How The Food And Economic Crises Are Hitting Central America
To cope with the food crisis, poor families often buy less food and less nutritious food. A WFP study shows that this brings a major health risk for children.
Amid the food and financial crises, many poor families in Central America reduce their spending by buying less food and choosing less nutritious food. In El Salvador, for example, WFP estimates 87% of poor households have reduced the quantity and quality of food consumed as a result of the increase in food prices.
The reduction in the quality of food is causing a major health risk for children, according to a WFP study entitled “Rises in Prices, Markets and Food and Nutritional Insecurity in Central America” (October 2008). The study highlights the risks that the urban poor, food producers, poor labourers and the rural poor face as a result of the current food crisis. Those especially at risk are children under the age of five, pregnant women, and breast feeding mothers, the study says.
Costs began to rise
Midway through 2007, the cost of the household basket began to rise, triggering economic vulnerability and food insecurity among the population affected by poverty. According to the President of the World Bank, Robert Zoellick, this is a drawback in the fight against poverty, possibly “seven years lost” in the on-going fight.
Despite the fact that in the last months the food and oil prices have fallen considerably, they still remain substantially higher than when the crisis began. A reduction in prices in the international market does not necessarily result in an immediate reduction of prices in the local markets.
In El Salvador, the cost of the household basket has increased by 20% in urban areas and 27% in rural areas between January 2007 and August 2008. According to the Statistics and Census Bureau (DIGESTYC, January 2009) the cost of the household basket in 2009 was 18% higher in urban areas and 22% higher in rural areas when compared to prices in January 2007.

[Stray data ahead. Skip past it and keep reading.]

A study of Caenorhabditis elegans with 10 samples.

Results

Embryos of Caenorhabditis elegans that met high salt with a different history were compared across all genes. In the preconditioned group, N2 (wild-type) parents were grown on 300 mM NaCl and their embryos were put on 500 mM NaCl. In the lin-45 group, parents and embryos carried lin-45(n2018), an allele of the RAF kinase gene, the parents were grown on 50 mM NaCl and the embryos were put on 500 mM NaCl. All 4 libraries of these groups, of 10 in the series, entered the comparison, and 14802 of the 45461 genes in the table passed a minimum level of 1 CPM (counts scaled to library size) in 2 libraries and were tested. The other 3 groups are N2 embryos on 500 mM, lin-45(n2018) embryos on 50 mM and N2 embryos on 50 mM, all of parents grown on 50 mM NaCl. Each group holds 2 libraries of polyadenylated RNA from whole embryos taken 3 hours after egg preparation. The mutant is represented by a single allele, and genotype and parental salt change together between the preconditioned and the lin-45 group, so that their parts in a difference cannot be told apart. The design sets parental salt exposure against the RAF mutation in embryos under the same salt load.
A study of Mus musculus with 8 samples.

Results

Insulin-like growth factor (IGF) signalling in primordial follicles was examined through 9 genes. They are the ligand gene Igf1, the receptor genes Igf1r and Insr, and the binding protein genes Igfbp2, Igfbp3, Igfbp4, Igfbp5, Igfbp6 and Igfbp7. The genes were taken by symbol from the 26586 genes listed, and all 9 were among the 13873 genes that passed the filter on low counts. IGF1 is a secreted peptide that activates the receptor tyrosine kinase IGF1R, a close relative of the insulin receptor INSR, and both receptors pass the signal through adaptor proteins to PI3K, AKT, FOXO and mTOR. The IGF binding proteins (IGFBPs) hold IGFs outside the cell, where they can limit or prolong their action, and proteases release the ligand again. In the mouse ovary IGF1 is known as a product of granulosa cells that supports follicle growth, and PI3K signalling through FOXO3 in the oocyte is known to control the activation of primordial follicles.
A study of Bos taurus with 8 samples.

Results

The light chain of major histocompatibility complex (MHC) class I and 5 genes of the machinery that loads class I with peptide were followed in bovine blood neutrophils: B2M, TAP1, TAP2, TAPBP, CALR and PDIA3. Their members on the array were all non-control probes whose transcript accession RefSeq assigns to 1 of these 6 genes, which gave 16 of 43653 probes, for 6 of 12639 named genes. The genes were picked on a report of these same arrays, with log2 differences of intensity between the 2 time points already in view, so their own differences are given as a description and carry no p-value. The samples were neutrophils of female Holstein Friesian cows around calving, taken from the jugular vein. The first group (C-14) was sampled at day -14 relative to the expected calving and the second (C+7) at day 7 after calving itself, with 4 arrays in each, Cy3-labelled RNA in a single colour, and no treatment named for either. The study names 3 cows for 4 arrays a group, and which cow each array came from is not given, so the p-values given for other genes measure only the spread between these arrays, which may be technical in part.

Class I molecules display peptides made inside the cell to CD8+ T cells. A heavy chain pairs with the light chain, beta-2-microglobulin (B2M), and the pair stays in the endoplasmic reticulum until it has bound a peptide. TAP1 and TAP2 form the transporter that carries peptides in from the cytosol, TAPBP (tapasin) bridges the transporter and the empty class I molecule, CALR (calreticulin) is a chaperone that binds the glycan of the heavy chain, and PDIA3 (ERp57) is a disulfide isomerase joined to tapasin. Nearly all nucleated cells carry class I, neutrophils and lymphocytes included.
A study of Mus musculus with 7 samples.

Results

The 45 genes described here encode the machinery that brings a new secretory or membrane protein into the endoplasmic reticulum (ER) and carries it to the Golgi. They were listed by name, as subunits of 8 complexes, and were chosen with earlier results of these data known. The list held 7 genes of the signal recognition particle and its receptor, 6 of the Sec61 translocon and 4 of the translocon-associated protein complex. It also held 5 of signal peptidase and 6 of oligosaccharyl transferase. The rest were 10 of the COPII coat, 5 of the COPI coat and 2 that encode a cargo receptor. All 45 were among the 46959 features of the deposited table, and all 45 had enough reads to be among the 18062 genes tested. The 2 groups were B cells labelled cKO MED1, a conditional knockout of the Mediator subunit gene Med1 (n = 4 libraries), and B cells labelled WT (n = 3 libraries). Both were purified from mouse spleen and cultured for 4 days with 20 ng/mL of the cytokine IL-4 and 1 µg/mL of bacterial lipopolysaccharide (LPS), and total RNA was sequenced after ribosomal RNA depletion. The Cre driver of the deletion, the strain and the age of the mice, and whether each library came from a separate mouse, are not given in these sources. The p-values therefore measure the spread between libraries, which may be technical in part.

In addition to the food crisis, the economic crisis in the United States is affecting El Salvador by reducing the flow of remittances sent by more than one million Salvadoran immigrants living in the US.
Remittances make up 18% of El Salvador’s GDP, a net worth equivalent to 80% of the value of its exports. Not only does this reduction of remittances reduce the purchasing power of Salvadoran families but it also jeopardizes the families’ investment in the future education of their children.
WFP has requested additional support from the donor community for its humanitarian programmes as well as for the local social protection programmes, such as the school feeding programme, which are essential tools in the fight against hunger and undernutrition.
Safety nets critical
Pedro Medrano, the WFP Regional Director for Latin America and the Caribbean, says the region, much like the rest of the world, is at a critical crossroads as far as the most vulnerable populations are concerned. “It would be a serious mistake if the current financial crisis were to translate into fewer funds (for social protection and safety net programmes) to face the already critical situation”, he said.